Dr Charmaine Griffiths
Chief Executive, British Heart Foundation
There are more than 30,000 out-of-hospital cardiac arrests every year in the UK, but less than 1 in 10 people survive.
The British Heart Foundation (BHF) is asking the nation to take just 15 minutes to learn CPR. Someone’s chance of survival can double if they receive immediate CPR and defibrillation, and RevivR can make it easy, free and quick for everyone to learn these lifesaving skills.
Mobile CPR training
RevivR has been designed for everyone to use, whether this is the first time you’ll be learning CPR or want to brush up on your existing skills. With no specialist equipment required, just a mobile phone and a cushion, it can give anyone the confidence to step in and save a life in the ultimate medical emergency.
In just 15 minutes, users can learn how to recognise a cardiac arrest, perfect their CPR technique by receiving live feedback and gain confidence in how to use a defibrillator. Learn CPR here: revivr.bhf.org.uk/.
Dr Charmaine Griffiths, Chief Executive of the British Heart Foundation, explains: “With over 30,000 out-of-hospital cardiac arrests every year in the UK and a survival rate of less than 1 in 10, there is an urgent need for people to learn CPR in an accessible and engaging way. All you need is 15 minutes, a phone and a cushion to learn CPR through our online tool — it could teach you the skills to save a life.”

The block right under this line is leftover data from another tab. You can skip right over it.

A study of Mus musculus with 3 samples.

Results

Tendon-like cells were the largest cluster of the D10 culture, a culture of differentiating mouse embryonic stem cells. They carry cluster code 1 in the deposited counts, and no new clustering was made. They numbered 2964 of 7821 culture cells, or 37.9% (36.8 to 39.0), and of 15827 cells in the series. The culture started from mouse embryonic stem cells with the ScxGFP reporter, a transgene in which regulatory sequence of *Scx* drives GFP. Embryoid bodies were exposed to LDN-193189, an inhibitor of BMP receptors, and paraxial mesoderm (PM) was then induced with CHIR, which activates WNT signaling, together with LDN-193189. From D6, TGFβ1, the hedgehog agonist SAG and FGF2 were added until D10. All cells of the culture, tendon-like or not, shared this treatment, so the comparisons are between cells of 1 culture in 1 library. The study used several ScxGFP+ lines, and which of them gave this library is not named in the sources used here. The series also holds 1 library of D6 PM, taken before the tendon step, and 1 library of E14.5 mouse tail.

All you need is 15 minutes, a phone and a
cushion to learn CPR through our online tool —
it could teach you the skills to save a life.
Connect to save a life
Alongside RevivR, the BHF is also working to improve survival rates as one of the leading charities and health organisations behind The Circuit — the national defibrillator network.
Launched last year, The Circuit connects community-based defibrillators to NHS ambulance services across the UK so that in those crucial moments after a cardiac arrest, they can be accessed quickly to help save lives.
It’s estimated that public-access defibrillators (PADs) are used in less than 1 in 10 out-of-hospital cardiac arrests across the UK — often because 999 call handlers aren’t always aware that a defibrillator is available nearby because the ambulance service hasn’t been told about it. To help save more lives, the BHF is urging people who look after defibrillators in places such as offices, communities, shopping centres and leisure centres, as well as in public places, to register them on The Circuit.